Making, and selling, local radio
 Radio Ga Ga  

By // 15:14, Sunday 14 September 2014

generic_twcA MOVE to sell Warragul-based radio station 3GG fell through last month.

This article was first published in the 15 August 2014 edition of the Warragul & Baw Baw Citizen.

The station, known as 3UL until 1989, will remain in the ownership of Resonate Broadcasters after a deal to sell to new company Watermark Media fell through.


In a statement Resonate said: “Watermark Media defaulted under the terms of the agreement by failing to make payment under the Agreement for Sale.”

The attempted sale had no impact on Star FM, which despite sharing a building with 3GG is owned by a different company.
Budgets are a big issue in radio, and one of the changes that new technology has brought is the ability to broadcast 24/7 on the cheap.

Professional radio is fairly expensive to do. Salaries for country radio announcers and other staff have improved greatly and electricity costs are high, particularly for power-hungry AM transmitters. Then there are hefty licence fees for music, spectrum space and so on.

There are four stations with studios within the Baw Baw Shire: commercial stations 3GG and Star FM and community stations 3BBR and Vision Australia Radio. ABC Gippsland broadcasts into Baw Baw from its Sale studios.

Listeners at the east end of the shire can also hear commercial stations TRFM and GOLD 1242, which primarily transmit to central and east Gippsland. Morwell community station Gippsland FM can also be heard in Trafalgar, and occasionally even in Warragul.

All of these stations use two main forms of new technology to various degrees to maintain a 24/7 service: computerised playout systems and satellite links to central program hubs.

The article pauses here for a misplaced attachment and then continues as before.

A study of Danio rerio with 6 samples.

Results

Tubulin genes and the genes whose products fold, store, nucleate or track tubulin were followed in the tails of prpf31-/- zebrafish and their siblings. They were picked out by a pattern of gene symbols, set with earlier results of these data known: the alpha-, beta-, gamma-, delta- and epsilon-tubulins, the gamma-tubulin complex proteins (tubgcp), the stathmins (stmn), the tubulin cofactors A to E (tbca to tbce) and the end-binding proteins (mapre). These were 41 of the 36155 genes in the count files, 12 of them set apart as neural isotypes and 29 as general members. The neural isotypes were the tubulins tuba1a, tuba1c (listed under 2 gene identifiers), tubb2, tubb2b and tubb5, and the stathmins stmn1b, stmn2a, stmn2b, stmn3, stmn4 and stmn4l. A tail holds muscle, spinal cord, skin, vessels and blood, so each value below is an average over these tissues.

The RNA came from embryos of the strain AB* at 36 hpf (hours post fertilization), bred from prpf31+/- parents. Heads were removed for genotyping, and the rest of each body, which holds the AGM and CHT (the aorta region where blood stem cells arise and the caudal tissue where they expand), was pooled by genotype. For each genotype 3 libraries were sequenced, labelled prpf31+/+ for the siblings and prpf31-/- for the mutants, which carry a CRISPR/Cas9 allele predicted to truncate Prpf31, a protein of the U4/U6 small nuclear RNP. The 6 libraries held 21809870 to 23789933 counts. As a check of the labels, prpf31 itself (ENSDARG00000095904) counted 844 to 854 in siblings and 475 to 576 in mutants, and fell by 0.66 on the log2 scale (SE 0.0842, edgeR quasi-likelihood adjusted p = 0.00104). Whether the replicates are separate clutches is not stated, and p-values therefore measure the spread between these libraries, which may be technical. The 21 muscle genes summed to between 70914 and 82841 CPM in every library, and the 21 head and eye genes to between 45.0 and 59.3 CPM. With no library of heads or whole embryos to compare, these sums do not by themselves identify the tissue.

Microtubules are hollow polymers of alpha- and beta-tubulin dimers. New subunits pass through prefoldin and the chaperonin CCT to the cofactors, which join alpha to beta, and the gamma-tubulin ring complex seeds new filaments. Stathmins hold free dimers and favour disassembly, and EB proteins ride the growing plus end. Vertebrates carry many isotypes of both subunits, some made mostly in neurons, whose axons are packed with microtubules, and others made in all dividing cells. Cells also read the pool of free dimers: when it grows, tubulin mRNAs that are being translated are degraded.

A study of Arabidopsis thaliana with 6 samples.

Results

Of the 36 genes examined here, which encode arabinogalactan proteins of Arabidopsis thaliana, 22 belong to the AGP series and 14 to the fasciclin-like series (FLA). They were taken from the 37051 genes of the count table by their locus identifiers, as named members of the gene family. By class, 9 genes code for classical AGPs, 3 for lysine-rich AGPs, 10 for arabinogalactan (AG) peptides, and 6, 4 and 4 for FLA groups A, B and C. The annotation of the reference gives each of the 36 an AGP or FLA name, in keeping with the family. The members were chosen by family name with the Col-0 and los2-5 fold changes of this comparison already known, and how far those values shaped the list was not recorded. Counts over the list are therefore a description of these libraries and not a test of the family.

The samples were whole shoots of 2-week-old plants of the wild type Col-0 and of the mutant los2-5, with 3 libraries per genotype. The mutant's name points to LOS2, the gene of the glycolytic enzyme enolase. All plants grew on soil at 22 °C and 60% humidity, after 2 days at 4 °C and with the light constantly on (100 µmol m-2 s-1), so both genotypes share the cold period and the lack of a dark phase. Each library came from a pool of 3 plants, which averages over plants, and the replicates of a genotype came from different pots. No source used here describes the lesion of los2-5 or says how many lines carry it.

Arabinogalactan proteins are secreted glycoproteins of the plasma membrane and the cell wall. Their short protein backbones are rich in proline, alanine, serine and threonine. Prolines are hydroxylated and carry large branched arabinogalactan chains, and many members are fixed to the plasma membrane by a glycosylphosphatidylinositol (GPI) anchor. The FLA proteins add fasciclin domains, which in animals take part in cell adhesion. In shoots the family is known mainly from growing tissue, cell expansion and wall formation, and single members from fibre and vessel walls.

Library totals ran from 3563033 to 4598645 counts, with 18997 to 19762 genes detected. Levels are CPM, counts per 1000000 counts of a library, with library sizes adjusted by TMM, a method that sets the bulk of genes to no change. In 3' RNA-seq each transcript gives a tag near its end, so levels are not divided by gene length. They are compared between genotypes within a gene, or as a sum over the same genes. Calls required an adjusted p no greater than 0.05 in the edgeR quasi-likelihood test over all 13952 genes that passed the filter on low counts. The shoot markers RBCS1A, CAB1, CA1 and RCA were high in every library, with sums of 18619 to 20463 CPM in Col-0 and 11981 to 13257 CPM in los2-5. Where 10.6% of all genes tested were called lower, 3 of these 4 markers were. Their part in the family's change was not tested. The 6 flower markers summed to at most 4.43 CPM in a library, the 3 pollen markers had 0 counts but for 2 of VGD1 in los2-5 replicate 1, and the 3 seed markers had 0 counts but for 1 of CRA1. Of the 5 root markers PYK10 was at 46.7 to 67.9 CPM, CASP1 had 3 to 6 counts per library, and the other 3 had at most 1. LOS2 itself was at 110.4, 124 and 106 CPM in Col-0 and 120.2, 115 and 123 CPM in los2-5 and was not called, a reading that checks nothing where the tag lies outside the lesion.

All four commercial stations use a system called NexGen in their studios. Using a computer, producers can control entire programs – songs, ads, promotions, features and all. Announcers can even record voice tracks and let the computer play the whole show, which is handy if they need a break or even a day off!

Such systems allow for great flexibility and the best utilisation of staff. There are no CD players or other devices in sight – everything is on computer servers.

ABC and community stations employ such technology to various degrees as well, although you’ll generally still find a CD player or two in their studios. Perhaps even a turntable!



TRFM and GOLD 1242 maintain a high amount of local hours but, interestingly, the stations that are almost totally locally produced are the ones with the smallest budgets.

Community access stations 3BBR and Gippsland FM are manned by volunteers who do it for fun, not a living. All day there are presenters wandering in and out of studios in Drouin or Morwell with boxes of CDs and records, filling their allotted hours.

Greg has worked in the radio industry for 38 years.